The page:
McCain leaning yes on ENDA

Senator John McCain (R-Ariz.) expressed cautious support for the Employment Non-Discrimination Act (ENDA) currently nearing passage in the Senate.

He also lambasted the recent government shutdown and called for reforms at the National Security Agency, during a wide-ranging television interview.


“When we passed the Civil Rights Act, which was the right thing to do, there were a lot of unintended consequence that we had to fix over time, such as quotas, busing, and other aspects of the law,” McCain said on Fusion TV’s “America with Jorge Ramos" in an interview scheduled to air Thursday night. “I’m going to have to see, be sure, that religious-oriented organizations are not forced.”

Asked how he would explain his concerns to his wife and daughter, both backers of gay rights, McCain quipped that he would “welcome spirited debate in my family.”

McCain’s openness to ENDA was not his only point of difference from GOP hardliners. He gave a blistering criticism of the early October government shutdown over ObamaCare, calling it a “miserable failure” that the GOP should remove from its tactical playbook.

“I said it wouldn’t succeed from the start and it didn’t,” McCain. “It was a miserable failure and we must never do it again.”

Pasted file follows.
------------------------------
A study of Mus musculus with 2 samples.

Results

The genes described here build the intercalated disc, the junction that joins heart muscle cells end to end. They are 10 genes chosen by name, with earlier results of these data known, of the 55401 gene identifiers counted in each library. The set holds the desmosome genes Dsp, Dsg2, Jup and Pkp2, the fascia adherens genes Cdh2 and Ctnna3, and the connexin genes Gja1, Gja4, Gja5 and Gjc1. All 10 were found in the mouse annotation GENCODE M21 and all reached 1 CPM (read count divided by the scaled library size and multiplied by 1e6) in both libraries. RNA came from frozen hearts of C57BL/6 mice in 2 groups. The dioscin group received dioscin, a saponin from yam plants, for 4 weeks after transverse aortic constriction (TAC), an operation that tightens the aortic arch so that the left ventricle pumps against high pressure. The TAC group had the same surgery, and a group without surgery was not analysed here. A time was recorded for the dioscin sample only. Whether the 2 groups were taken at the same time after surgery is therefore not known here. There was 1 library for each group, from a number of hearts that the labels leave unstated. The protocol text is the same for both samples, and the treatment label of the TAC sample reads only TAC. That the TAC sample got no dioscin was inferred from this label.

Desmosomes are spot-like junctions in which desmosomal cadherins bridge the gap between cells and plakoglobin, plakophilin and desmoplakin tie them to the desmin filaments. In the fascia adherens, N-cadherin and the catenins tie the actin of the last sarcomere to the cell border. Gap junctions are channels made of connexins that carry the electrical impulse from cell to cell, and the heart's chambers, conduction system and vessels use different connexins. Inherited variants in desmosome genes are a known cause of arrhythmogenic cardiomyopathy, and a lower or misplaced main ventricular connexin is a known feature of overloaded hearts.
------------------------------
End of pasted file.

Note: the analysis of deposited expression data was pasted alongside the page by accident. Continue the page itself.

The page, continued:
McCain avoided piling blame on Sen. Ted Cruz (Texas) or other Republicans who advocated the shutdown strategy, but said those responsible for the shutdown “will be held accountable by the American people” regardless of party.

McCain also spoke with Ramos about the NSA controversy, which has re-emerged following revelations of U.S. surveillance on political leaders in allied countries.

McCain, a frequent defender of strong surveillance practices, said this time the NSA’s efforts had gone too far.

“Friends often eavesdrop on friends, but when we are listening in on the private conversations of the private cell phones of the Chancellor of the Federal Republic of Germany, obviously that is going to alienate our friends,” McCain said.

He blamed the overreach on a lack of Congressional oversight, and repeated his recent call for a select Congressional committee to review surveillance.